Tuesday, September 21, 2010

Aggravation and Magic

We were driving back from town, and Dylan and I were talking about horses. As we got out of the car, Rhonda said, "You guys sure are talking a lot."

"Oh no," I thought. But yeah, it was seven in the evening, and I was revved up.

We'd had dinner at a Japanese restaurant. Dylan loves it because of the "sushi boats" that float by, allowing the patron to pick from a wide selection of sushi and other Japanese food. After dinner, we stopped by a drive-through coffee place to get a couple of dessert coffee drinks. For Dylan and me, that is. Rhonda can't stand coffee, no matter how gussied up.

I ordered decaf versions. Dylan is ten, after all, and if I drink coffee much after noon or so, I can count on spending a good chunk of the night sleepless.

For some reason, we didn't get decaf versions of our coffees, and sheesh, those suckers were big. The guy at Dutch Brothers probably didn't hear the decaf part of my order over the music in his work area.

Rhonda went to bed around ten, and Dylan and I were still talking away. At midnight, we were still talking. That was when I started to feel really aggravated at the guy at Dutch Brothers. I was listening to Dylan, but silently calling the coffee guy a bunch of ill names.

I probably stewed at that guy for a good half hour. But then, the front porch light inside came on, and I realized that I needed to give up my rancor, and focus on the magic going on with my son.

We talked about his friends. We talked about horses. We talked about falconry. We talked about his hopes and fears for the school year. We talked about him getting back into Jiu Jitsu. We talked about our favorite music. We talked about what he would do when he grew up. We talked about the day he was born. We talked about my mom, his other grandma, the one he didn't remember because she died when he was thirteen months old. We talked about both of his grandfathers, who died many years before he was born. We talked about kindness, and toughness, and how they often belonged in the same room.

Finally, at two-thirty in the morning, I could see him start to wind down.

"Let's get you in bed," I said.
"Aw Dad, I'm not sleepy yet."
"We can keep talking."
"Will you stay with me until I fall asleep?"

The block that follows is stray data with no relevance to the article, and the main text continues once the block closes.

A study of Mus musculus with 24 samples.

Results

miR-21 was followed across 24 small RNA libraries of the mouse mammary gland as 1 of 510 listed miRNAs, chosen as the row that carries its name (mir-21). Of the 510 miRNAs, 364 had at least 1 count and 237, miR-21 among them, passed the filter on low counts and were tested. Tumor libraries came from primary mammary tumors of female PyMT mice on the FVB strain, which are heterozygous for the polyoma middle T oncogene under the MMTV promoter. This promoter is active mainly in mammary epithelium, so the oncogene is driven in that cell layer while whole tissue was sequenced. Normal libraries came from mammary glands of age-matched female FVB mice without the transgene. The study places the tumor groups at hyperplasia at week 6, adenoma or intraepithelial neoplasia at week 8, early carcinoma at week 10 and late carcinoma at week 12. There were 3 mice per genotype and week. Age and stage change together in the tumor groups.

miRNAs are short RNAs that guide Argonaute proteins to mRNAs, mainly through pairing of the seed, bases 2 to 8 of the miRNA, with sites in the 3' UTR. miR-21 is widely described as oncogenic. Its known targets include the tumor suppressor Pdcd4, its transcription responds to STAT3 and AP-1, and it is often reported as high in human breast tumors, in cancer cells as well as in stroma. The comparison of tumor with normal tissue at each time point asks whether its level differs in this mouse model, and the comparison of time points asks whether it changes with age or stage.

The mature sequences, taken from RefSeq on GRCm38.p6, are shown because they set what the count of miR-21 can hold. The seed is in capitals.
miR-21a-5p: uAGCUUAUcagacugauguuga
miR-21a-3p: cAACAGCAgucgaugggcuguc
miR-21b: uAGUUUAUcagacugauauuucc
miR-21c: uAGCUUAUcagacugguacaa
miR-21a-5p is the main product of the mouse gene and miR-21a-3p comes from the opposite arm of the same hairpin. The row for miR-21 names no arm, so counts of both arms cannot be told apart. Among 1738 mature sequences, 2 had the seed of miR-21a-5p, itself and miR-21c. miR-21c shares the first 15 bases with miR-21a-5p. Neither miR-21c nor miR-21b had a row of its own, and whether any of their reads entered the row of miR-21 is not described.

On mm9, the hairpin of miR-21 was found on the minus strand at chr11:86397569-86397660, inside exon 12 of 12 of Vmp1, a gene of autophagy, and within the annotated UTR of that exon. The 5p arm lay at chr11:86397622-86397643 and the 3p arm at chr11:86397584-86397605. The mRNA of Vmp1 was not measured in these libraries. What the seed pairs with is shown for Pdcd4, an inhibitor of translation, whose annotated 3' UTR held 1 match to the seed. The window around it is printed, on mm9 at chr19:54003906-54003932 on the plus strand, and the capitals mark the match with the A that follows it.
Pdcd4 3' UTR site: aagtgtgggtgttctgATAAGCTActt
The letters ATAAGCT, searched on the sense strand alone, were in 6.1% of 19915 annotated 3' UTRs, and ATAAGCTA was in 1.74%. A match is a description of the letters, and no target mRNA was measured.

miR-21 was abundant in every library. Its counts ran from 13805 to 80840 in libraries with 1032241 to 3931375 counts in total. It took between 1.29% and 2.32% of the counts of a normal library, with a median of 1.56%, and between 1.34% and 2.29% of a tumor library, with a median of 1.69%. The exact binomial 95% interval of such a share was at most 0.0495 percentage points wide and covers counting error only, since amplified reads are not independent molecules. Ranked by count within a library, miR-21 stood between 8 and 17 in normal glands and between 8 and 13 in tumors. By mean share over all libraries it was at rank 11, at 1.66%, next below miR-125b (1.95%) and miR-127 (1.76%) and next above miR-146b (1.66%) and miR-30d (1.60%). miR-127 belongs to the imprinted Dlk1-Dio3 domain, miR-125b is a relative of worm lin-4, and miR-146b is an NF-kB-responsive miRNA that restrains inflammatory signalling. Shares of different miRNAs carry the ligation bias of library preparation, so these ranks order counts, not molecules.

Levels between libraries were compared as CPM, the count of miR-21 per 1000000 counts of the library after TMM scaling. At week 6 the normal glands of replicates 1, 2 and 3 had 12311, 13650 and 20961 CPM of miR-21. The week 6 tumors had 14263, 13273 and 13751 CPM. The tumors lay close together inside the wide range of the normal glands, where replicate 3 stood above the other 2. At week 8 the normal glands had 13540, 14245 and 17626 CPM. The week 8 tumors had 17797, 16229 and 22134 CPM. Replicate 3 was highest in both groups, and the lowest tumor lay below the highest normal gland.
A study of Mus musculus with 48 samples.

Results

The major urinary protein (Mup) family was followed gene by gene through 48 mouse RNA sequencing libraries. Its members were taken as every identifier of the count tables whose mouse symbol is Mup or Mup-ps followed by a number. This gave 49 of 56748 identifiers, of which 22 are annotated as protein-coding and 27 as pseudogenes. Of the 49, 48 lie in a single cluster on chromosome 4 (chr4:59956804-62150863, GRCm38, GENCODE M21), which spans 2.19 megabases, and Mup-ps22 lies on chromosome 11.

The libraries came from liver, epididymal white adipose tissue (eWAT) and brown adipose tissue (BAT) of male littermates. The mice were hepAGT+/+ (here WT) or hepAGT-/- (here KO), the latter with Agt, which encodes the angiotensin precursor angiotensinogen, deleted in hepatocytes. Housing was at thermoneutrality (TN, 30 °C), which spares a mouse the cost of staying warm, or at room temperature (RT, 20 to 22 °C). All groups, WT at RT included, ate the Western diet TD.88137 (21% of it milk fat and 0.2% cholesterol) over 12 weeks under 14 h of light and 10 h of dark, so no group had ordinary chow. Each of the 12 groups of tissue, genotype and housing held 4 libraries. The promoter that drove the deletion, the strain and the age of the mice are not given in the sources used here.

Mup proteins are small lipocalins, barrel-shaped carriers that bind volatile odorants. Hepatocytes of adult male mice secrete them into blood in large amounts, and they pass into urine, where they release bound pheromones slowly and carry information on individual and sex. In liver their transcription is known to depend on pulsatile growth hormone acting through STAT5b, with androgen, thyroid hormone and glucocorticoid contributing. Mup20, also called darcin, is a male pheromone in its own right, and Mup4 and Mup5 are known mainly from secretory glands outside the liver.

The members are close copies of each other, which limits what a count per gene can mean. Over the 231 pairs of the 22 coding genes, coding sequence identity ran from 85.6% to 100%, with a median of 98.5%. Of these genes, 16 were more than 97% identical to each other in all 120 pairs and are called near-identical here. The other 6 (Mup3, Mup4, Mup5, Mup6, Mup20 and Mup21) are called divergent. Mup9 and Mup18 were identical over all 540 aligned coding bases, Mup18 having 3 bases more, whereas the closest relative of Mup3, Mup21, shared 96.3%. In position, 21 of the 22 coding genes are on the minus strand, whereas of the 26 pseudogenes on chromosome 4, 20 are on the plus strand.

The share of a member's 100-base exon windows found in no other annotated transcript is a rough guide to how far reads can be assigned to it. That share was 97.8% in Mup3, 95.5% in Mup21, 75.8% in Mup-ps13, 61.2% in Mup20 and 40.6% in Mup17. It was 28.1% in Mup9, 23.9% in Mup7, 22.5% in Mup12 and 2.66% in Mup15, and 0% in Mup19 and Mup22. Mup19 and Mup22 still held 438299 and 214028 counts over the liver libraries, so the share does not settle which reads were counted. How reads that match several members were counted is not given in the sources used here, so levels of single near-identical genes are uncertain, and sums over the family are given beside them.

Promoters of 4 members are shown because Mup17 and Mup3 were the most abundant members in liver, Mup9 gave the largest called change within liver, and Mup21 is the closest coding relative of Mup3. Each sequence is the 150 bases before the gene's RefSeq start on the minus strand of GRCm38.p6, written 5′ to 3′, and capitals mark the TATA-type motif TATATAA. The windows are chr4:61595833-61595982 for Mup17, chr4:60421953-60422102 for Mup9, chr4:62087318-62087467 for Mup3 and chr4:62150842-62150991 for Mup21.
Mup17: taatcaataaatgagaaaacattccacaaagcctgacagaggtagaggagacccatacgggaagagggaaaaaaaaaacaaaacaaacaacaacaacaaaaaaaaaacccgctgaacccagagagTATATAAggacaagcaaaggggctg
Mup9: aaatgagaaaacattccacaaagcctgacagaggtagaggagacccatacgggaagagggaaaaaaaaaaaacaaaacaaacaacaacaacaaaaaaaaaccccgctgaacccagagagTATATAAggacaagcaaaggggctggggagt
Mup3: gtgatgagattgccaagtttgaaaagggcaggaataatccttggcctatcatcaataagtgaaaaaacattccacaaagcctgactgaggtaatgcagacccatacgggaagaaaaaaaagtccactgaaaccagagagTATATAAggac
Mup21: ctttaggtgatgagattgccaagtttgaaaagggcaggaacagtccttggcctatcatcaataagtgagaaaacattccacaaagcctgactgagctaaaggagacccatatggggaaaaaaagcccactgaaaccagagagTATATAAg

So I did. His speech started to slow, and he started to talk about a time we'd gone snorkeling, but he didn't make it through the sentence before drifting to sleep. I kissed his head, then went to our bedroom, and kissed Rhonda on the cheek. She giggled.

"What time is it?" she asked.
"You don't want to know."
"Oh brother," she said, before drifting back to sleep.

It was nearly four in the morning before I even thought about trying to sleep. I wondered if those coffees had something illegal in them.

I finally started to feel myself slip, as I thought about the three of us swimming through the ocean.


About three weeks later, we went to the same Japanese restaurant, and Dylan and I once again decided on dessert coffees at Dutch Brothers. As we pulled into the drive-through lane, I could see the same young guy hanging out of the window, handing coffees to the car in front of us.

"Dylan, it's the same guy who gave us caffeine poisoning last month."
"Oh brother," Dylan said.

The caffeine poisoner shouted out a greeting, and asked us what we wanted.

"Two decaf Carmelizers, one on ice, one blended," I said.
"So that's two Carmelizers, one on ice, one blended?"

Dylan and I shouted in unison, "DECAF!"

The poor guy nearly jumped off the floor. Probably because of too much caffeine.


Bob said...

You realize, of course, that the coffee guy inadvertently gave you a wonderful gift.

Algernon said...

Ha ha ha!

Roland said...

Great story

Pam said...

Wonderful story, as usual! Loved it!

Kelly said...

Ditto what Bob said.

Yep, great story! Treasure these moments.

Debby said...

This one made me smile. Yeah. You got a marvelous gift, but sometimes one marvelous gift is just about enough.